In her seminal book, Thinking In Systems, Donella Meadows lists 12 leverage points for intervening in systems. High on her list in terms of effectiveness are those interventions that result in paradigm shifts. Citing Copernicus, Kepler, Einstein, and Adam Smith, Meadow says “people who have managed to intervene in systems at the level of paradigm hit a leverage point that totally transforms systems.”
When people were living in a pre-Copernican paradigm, they didn’t think that they were living in any particular paradigm; they were simply seeing the world as it was. The Sun revolved around the Earth; you could count on it. Every day. It was obvious that the Earth, as God’s special creation, was at the Center of the Universe. Then came Copernicus. Sorry, it seems that the Earth is not the center of the universe, that it, along with other planets revolves around the Sun. And whole world-views were turned upside down. First, one man saw it, then a few, then many, and finally a new post-Copernican paradigm emerged. Not without much resistance and soul-searching. In the end, the pre-Copernican paradigm was seen as simply wrong.
We are now living blindly in an outmoded self-centered paradigm, one in which our personal experiences are felt to be the touchstones of reality. In this paradigm, how we feel about ourselves, others, other groups, who are our friends and who our enemies, all of these are experienced as solid reflections of the reality of who we and they are. We are simply seeing the world as it is.
We are systems-centered beings and much of our experience is shaped not by who we are but by the nature of the systemic conditions we are in. Organizationally, those at the Top are prone to falling into painful and destructive territorial issues with one another; those in the Middle become alienated, competitive and evaluative of one another; and those in Bottom groups fall into the conforming pressures of groupthink. The feelings these people have about one another seem to them to be solid, based on the reality of who they are. Culturally, we observe religious and ethnic groups across the globe experiencing one another as dangers to be avoided or controlled or, in the extreme, destroyed. These feelings too feel solid and based on the reality of who these others are.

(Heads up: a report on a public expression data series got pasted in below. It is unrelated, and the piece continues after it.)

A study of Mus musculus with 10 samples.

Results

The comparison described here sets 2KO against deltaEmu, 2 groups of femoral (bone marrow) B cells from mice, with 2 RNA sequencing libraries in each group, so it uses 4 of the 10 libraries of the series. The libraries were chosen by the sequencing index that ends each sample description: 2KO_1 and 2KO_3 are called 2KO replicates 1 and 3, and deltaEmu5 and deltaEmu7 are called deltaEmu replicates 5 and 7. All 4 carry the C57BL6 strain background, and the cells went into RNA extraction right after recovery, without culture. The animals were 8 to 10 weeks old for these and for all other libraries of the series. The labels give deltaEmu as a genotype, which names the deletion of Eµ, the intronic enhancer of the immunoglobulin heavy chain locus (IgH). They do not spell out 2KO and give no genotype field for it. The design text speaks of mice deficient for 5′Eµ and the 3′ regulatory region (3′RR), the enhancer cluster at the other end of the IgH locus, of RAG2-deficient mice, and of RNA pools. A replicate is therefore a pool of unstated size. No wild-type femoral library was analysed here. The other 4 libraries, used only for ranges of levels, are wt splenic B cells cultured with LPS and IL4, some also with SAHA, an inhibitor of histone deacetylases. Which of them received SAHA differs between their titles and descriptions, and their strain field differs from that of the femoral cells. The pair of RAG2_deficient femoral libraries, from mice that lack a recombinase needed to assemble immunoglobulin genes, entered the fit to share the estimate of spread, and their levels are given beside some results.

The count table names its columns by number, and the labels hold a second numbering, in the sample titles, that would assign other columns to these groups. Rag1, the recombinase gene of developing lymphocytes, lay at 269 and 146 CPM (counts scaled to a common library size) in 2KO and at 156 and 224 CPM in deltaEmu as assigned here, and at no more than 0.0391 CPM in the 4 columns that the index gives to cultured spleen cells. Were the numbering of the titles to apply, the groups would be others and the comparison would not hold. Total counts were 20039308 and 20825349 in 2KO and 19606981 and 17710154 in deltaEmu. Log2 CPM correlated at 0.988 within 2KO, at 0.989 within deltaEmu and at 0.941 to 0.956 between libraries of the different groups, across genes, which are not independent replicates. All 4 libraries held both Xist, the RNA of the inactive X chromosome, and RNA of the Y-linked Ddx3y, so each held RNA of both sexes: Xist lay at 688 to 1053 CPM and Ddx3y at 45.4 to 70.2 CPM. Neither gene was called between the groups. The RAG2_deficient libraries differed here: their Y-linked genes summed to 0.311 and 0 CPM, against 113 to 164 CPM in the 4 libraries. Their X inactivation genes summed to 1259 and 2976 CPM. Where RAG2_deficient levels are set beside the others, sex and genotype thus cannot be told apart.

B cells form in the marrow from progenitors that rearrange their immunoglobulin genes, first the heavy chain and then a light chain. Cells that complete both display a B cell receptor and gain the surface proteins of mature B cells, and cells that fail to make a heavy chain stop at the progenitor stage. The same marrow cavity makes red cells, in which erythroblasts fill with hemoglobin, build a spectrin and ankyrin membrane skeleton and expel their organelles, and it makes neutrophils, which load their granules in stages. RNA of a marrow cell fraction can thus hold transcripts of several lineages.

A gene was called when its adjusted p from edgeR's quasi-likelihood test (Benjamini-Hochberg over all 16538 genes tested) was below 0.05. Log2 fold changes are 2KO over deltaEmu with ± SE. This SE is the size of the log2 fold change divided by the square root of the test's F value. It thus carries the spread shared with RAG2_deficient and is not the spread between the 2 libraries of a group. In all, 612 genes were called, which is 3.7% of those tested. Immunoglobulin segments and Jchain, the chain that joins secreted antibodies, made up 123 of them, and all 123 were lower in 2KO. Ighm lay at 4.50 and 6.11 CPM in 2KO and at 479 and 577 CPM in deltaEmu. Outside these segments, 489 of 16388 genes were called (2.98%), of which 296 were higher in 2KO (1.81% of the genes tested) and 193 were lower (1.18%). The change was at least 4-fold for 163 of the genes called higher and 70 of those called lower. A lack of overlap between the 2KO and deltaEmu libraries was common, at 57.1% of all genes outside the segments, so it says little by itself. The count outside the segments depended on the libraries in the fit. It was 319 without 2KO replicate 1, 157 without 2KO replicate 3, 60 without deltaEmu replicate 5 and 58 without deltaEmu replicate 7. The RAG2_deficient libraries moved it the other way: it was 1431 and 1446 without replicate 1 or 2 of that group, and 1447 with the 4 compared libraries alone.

Shifting from a self-centered to a system-centered paradigm provides a fundamentally different understanding of these relationships. We notice how system processes shape our consciousness. We focus less on individuals and more on wholes system processes. We see systems differentiating (parts becoming more different from one another) and homogenizing (parts maintaining their commonality); we see systems individuating (members moving independently, pursuing their individual objectives) and integrating (members coming together in common purpose.) And we notice the consequences when these processes go seriously out of balance: territoriality, alienation, groupthink, racial and ethnic conflict, among them.
Shifting from a self-centered to a systems-centered paradigm opens up fundamentally different strategies for system intervention: from self-centered interventions: fix, fire, divorce, separate, therapize, control, destroy one another, to systems-centered interventions: alter the configuration of system processes, balance over-differentiated systems with homogenization, balance over-integrated systems with individuation, and so forth.
The self-centered paradigm is outmoded; it produces erroneous understanding and misguided interventions. A systems-centered paradigm is being born. First, one person sees it, then a few, them many, until a new paradigm emerges.